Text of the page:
I would start by going back to what was discussed in the interview and what is in the contract. If the original expectation and agreement is being neglected, then we would address this with the hospital on behalf of my nurse. Many times I will ask my nurse to talk with her superiors about expectations and what's required because more can be accomplished directly than going through 5-6 different "middle men" to get an answer. If the hospital isn't willing to budge and there's something PPR can do help "ease" the pain, we could try to work in a little extra compensation for extra travel, and as a last resort consider giving a 2 week or 30 day notice (depending on the contract) and focus on finding another contract.
We require some kind of orientation to the unit before that nurse is willing/able to float there - we would also ask that they not be responsible for patients outside of their scope. If they are asking for her to help out, and be an extra hand, that is usually doable, but I usually defer to what the nurse tells me she is comfortable with.
It goes without saying that we take pride in the housing we provide for our nurses and we always prefer to use apartment complexes, realtors, landlords that are proven. It's important that our nurses are in safe, clean housing relatively close to the hospital. We would probably start by asking for pictures of the roaches so we could send this to the management company or leasing office. If the problem is something we can fix via fumigation or cleaning we would do that immediately and of course cover the cost. We would do everything possible to make things comfortable for the nurse to stay, and if that is not an option, we would more than likely find a way to break the lease and help the nurse move to a better situation.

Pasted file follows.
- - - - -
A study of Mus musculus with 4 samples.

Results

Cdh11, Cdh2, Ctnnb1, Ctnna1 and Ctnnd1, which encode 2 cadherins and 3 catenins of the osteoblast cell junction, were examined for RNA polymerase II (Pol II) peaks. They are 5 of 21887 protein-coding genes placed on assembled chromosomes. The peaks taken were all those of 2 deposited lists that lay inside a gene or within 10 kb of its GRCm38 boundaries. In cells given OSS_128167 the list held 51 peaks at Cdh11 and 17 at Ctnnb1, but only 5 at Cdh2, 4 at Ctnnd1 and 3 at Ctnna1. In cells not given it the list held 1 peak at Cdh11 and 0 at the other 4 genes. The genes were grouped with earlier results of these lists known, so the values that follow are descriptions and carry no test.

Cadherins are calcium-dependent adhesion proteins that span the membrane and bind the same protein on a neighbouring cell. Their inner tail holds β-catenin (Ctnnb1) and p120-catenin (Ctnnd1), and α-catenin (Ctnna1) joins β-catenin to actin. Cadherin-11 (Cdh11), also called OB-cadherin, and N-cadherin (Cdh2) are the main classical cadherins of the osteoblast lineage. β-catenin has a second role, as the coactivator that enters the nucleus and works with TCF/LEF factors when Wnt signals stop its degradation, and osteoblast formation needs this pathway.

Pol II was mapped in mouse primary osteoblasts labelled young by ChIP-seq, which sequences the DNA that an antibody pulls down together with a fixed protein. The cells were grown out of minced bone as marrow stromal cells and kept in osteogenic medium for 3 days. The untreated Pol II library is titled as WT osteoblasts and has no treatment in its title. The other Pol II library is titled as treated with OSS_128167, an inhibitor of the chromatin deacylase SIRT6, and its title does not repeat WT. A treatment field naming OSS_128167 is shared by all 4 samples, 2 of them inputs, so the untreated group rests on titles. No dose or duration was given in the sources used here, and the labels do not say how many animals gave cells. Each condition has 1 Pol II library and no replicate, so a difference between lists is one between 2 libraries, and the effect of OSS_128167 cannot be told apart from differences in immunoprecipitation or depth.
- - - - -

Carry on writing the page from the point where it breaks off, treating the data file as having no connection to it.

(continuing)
Unfortunately things like this can happen all the time and PPR has always been incredibly supportive of their nurses. We always ask that communication happens between the nurse and their manager - this usually helps to keep them in the loop on what's happening and typically they are very sensitive to the situation. In most cases, they let the nurse take the time they need and will have them report back to work when they are cleared and able, and will often just add a few weeks to the end of the contract. If this is a situation where it won't get better and she needs to leave the contract, we would find a way to do so. If the nurse is keeping their recruiter & the manager in the loop, we always come up with a solution that works for all parties.
This is a very tough situation and a hard question to answer... first off, it doesn't happen very often. I've been doing this for 13 years and can't think of any time that someone has showed up to the hospital and they have said "there is no contract, it wasn't approved" - It typically happens that we accept a contract, and we get things moving and within a few days of accepting (long before they have hit the road and walked into the hospital) that something has changed with census or approvals or whatever. That happens, but again, it's not common and typically in those situations it's early enough that we find another contract.
I love nurses! I truly mean that. I've personally been admitted into the hospital twice and quickly realized that the MOST vital role in your hospital experience comes from your nurse. From OR to MS to L&D, they are responsible for so much of your care, and act as your advocate in many ways. And when the hospital treats their nurses well, and they aren't overloaded, what a wonderful experience that is for the patient. So knowing how much I love nurses, talking to them about their travel nursing dreams has made me love my job for the last 13 years. My favorite calls are from first time travelers who truly want to hit the road and see the country. They make my job a lot of fun because we can explore all kinds of cities and states and let fate determine where they will end up. So many of my nurses have started out this way, wanting to go and see and do and within their first year, they find the city they love, meet the love of their life, and settle down. This is incredible for me! I love knowing my nurses on a more personal level because I am not super "business-y" - I would rather talk about kids and dogs and adventures than the nitty gritty contract details. Obviously contracts and pay and details are important (I promise you, I know this!!), but having a knowledgeable recruiter that you like and trust is key in this business. It's definitely ok to work with multiple recruiters, but please don't work with 10! Pick your top 2-3 and communicate where you're being submitted, interviews & offers you're receiving and keep your recruiters in the loop. We all want your business but we know that you'll be looking again in 3 months! Looking forward to meeting you!